Head Injury Prevention

  • Falls are the number one cause of head injuries. Some, like toddlers falling when learning to walk, are unavoidable. Others may be preventable, especially in the elderly. Opportunities exist to minimize the risk of falling at home with the use of proper floor coverings, the use of assist devices such as canes and walkers, and by evaluating homes for high risk areas like bathrooms and stairs. A primary care health care practitioner or a county health nurse may be able to help with home assessment.
  • Routine use of helmets may decrease head injury while riding a bicycle or motorcycle. Their use is also encouraged for sporting activities like skateboarding, skiing, and snowboarding.
  • Head injuries are a major consequence of motor vehicle crashes. Lives can be saved by wearing seatbelts, driving cars with air bags, and by avoiding risky driving behavior (drinking and driving, texting while driving).

Head Injury Prognosis: Outlook and Recovery

The recovery from head injury depends upon the amount of damage inflicted upon the brain. Not surprisingly, the brain cannot recover from severe injury, but the goal of treatment is to return as much function as possible.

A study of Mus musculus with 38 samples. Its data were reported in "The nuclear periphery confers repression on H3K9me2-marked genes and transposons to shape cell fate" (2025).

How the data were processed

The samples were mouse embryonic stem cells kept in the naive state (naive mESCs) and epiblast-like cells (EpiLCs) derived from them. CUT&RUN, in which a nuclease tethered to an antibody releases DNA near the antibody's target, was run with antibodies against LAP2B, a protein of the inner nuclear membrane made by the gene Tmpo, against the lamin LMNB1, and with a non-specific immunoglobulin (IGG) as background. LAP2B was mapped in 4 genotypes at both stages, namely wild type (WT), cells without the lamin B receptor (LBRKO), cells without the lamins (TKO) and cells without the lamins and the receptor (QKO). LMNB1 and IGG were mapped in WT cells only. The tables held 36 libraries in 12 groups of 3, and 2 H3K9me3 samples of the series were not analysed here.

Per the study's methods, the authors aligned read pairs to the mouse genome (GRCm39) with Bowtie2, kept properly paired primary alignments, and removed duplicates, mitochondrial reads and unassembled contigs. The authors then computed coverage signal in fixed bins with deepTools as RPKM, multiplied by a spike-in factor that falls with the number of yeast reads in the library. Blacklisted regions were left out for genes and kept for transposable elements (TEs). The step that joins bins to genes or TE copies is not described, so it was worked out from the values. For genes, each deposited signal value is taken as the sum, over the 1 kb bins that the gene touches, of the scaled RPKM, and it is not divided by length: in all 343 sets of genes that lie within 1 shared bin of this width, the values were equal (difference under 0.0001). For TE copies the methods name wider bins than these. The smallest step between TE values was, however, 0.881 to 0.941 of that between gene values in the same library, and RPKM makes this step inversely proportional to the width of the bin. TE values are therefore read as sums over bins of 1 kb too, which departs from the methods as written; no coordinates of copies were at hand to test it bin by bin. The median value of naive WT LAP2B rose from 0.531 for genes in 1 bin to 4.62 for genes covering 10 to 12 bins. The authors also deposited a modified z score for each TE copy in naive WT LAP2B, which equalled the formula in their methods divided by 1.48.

Of note is that concussion, once thought to be relatively minor, may have more long-term effects than initially appreciated and should not be ignored.

Medically reviewed by Joseph Carcione, DO; American board of Psychiatry and Neurology


American Academy of Pediatrics.

Centers for Disease Control and Prevention. Injury Prevention & Control: Traumatic Brain Injury.

Stiel IG, et al. The Canadian CT Head Rule for Patients with Minor Head Injury. Lancet 2001;357:1391-96.

S.A. Schutzman, MD, P. Barnes MD, A. Duhaime, MD, D. Greenes, MD, C. Homer, MD, D. Jaffe, MD, R. J. Lewis, MD, PHD, T. G. Luerssen, MD, J. Schunk, MD; "Evaluation and Management of Children Younger Than Two Years Old With Apparently Minor Head Trauma: Proposed Guidelines." Journal of the American Academy of Pediatrics, Vol. 107 No. 5

Wolfson AB. Harwood-Nuss' Clinical Practice of Emergency Medicine. Lippincott Williams and Wilkins 2009.

Medically Reviewed by a Doctor on 9/4/2015


Head injury can be defined as any alteration in mental or physical functioning related to a blow to the head.